Set Point Theory

Chris Broome – Chartered Financial Planner

Your personal wellbeing sits at the very core of the work we do here at Longhurst.

Yes, we’re financial experts, but our focus is always human first, your money second.

As such, I’m currently sitting a ‘Financial Wellbeing Certificate’ programme through the ‘Initiative for Financial Wellbeing’.

The outcome of the course will be to further increase my knowledge and understanding on how different aspects of your life may be impacting the decisions you make.

During Week #1 I learnt about Set Point Theory, a topic I wanted to share with you today.

Set Point Theory

There are several theories about happiness, one of the most well-known is Set Point Theory.

This theory holds that, by the time we reach adulthood, our level of happiness has been determined. As we go through life, events knock us off that setpoint. It might be something good happens which raises our wellbeing above that set point, or it might be something bad knocking us below.

After a relatively short period of adjustment, however, we revert back to our set level of happiness.

This was most notably demonstrated by a survey in the 80s of two sets of people. The first had suffered an accident involving loss of limbs, and the second involved people who had won life changing amounts on the lottery.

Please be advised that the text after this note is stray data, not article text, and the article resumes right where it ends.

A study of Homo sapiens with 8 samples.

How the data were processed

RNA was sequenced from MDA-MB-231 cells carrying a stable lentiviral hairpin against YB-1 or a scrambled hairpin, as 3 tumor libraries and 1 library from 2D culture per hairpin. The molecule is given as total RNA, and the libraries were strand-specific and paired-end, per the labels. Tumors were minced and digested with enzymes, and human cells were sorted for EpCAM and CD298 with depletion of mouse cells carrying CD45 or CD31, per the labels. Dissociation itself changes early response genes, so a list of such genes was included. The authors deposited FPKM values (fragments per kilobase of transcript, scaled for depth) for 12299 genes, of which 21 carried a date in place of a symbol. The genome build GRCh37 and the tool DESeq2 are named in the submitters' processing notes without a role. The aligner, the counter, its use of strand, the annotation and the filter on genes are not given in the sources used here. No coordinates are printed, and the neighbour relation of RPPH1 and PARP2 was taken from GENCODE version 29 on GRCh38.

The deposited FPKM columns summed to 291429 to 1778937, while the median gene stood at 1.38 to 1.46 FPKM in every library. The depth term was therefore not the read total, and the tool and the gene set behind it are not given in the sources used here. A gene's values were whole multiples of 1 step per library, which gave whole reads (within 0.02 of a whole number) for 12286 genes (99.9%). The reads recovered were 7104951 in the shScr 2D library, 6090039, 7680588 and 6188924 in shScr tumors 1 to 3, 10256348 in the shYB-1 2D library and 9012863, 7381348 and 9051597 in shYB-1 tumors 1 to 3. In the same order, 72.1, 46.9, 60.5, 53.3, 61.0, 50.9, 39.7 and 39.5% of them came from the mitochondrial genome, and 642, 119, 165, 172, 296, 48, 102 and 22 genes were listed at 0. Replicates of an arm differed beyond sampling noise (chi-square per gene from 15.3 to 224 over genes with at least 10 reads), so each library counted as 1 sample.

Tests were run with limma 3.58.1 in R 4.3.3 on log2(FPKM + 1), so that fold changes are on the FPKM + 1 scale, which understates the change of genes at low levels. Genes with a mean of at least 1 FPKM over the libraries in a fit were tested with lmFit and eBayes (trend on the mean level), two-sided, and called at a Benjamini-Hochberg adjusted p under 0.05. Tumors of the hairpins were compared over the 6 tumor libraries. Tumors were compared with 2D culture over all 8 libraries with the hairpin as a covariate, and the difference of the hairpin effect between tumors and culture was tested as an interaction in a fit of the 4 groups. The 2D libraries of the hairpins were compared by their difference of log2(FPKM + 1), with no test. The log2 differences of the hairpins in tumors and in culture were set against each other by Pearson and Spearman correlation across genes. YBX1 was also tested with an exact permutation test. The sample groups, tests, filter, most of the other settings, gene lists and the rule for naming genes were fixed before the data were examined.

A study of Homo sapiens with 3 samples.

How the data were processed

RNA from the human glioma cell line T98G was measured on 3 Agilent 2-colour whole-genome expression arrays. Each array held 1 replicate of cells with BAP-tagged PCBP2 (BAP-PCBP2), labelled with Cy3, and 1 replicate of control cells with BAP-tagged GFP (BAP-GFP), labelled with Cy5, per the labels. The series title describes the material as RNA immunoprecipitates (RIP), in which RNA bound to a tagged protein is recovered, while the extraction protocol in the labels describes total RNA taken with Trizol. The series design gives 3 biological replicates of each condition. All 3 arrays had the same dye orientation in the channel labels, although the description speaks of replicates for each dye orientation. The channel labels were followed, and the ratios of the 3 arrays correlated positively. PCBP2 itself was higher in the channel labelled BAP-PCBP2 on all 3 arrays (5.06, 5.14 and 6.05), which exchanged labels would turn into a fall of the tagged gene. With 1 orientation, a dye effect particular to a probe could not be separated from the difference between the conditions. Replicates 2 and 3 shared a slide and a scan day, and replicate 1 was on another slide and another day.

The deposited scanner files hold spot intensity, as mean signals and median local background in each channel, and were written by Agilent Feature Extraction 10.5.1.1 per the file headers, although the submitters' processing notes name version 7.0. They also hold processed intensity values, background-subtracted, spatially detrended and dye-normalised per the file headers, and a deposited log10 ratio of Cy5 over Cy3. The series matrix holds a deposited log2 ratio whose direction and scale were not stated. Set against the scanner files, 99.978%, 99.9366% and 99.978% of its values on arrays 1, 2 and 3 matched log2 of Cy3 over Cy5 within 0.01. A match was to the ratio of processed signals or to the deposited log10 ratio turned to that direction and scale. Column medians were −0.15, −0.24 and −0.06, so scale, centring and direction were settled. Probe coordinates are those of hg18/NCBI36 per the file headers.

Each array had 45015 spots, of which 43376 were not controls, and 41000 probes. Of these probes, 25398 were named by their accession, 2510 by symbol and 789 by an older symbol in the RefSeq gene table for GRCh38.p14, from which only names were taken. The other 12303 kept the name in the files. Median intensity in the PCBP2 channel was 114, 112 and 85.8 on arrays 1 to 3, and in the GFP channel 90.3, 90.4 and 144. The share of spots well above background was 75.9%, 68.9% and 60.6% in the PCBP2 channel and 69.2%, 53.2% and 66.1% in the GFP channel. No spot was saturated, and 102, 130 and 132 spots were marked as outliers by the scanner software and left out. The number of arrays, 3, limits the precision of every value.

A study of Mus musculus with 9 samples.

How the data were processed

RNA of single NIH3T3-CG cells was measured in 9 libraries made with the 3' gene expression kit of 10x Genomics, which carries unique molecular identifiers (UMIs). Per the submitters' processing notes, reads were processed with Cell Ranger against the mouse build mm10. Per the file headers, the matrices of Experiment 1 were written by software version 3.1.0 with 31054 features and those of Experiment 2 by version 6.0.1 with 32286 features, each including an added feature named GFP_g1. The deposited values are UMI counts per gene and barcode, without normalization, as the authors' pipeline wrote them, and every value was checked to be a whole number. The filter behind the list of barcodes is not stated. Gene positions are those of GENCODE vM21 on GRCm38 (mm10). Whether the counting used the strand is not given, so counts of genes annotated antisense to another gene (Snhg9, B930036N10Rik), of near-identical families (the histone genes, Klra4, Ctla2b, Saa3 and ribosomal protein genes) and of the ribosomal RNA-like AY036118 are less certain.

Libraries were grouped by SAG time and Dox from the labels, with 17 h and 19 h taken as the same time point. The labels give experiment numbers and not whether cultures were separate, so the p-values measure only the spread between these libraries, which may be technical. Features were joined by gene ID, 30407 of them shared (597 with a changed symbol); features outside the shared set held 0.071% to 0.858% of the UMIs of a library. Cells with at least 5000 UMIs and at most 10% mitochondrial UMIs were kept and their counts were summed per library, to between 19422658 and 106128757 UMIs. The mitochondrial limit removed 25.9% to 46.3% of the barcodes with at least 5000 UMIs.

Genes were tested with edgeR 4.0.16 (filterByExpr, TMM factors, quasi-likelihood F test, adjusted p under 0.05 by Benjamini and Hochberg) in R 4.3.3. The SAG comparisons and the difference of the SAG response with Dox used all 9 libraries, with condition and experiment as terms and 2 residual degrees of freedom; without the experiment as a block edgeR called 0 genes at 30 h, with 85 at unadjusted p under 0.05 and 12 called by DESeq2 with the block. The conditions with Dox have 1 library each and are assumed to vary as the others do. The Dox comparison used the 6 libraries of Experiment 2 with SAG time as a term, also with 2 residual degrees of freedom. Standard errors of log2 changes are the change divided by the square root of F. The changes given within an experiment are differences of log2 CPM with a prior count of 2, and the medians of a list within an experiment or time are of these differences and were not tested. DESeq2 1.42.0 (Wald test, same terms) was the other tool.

The researchers asked these people whether they had been be happy before the event, and whether they were happy afterwards.

It might be tempting to say that the lottery winners were happier and the accident victims unhappier. Then you might think it’s a trick question and turn it on its head, and say the lottery winners were unhappy, the accident victims happier.

In fact, whichever of the two groups said that they were happy before said that they were happy afterwards, and which ever said they were unhappy before so they were unhappy afterwards. In other words, the life changing event made no difference to their long-term well-being.

What this suggests is that as small things happen to us in life, when they are good, we do not feel the need to react (although we could extend the wellbeing they generate by trying to appreciate the event).

When bad things happen to us, however, we take action to increase our wellbeing back to our set point level.

The phrase we have coined for this is the financial wellbeing junkie.

We are all addicted to small shots of well-being, in order to get back to our set point. When we spend money, therefore, we are often trying to buy the short term hits of wellbeing to overcome the negativity that surround us, for example in the news.

Understanding ourselves i.e. Know Thyself is therefore at the core of financial wellbeing.

And here at Longhurst, we create space for honest discussions that put authenticity and honesty at the heart of each and every conversation.

We know, from client feedback, that these conversations have helped to unearth a number of thoughts and feelings which, in turn, has then led to some life changing decisions.